Objectives: The obligatory hemodilution resulting from crystalloid priming of the cardiopulmonary bypass circuit represents a major risk factor for blood transfusion in cardiac operations. We therefore examined whether retrograde autologous priming of the bypass circuit would result in decreased hemodilution and red cell transfusion.
Methods: Sixty patients having first-time coronary bypass were prospectively randomized to cardiopulmonary bypass with or without retrograde autologous priming. Retrograde autologous priming was performed at the start of bypass by draining crystalloid prime from the arterial and venous lines into a recirculation bag (mean volume withdrawal: 880 +/- 150 ml). Perfusion and anesthetic techniques were otherwise identical for the two groups. The hematocrit value was maintained at a minimum of 16% and 23% during and after cardiopulmonary bypass, respectively, in all patients. Patients were well matched for all preoperative variables, including established transfusion risk factors. Subsequent hemodynamic parameters, pressor requirements, and fluid requirements were equivalent in the two groups.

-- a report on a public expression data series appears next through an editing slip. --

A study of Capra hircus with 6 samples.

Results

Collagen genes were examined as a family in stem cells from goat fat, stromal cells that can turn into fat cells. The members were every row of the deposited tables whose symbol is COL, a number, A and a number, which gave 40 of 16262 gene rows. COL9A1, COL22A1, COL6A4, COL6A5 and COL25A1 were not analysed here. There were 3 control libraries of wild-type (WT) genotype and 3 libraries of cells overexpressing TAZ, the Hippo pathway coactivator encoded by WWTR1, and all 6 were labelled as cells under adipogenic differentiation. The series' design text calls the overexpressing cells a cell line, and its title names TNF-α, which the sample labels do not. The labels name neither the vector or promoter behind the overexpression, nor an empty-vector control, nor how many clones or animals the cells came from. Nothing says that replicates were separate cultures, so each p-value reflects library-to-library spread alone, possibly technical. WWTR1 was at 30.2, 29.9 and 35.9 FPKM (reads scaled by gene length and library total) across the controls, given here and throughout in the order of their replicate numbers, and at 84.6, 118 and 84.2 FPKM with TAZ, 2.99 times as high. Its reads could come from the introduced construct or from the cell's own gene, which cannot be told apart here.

Results: The lowest hematocrit value during cardiopulmonary bypass was 22% +/- 3% versus 20% +/- 3% in patients subjected to retrograde autologous priming and in control patients, respectively (p = 0.002). One (3%) of 30 patients subjected to retrograde autologous priming had intraoperative transfusion, and seven (23%) of 30 control patients required transfusion during the operation (p = 0.03). The number of patients receiving any homologous red cell transfusions in the two groups during the entire hospitalization was eight of 30 (27%; retrograde autologous priming) versus 16 of 30 (53%; control) (p = 0.03).
Conclusions: These data suggest that retrograde autologous priming is a safe and effective means of significantly decreasing hemodilution and the number of patients requiring red cell transfusion during cardiac operations.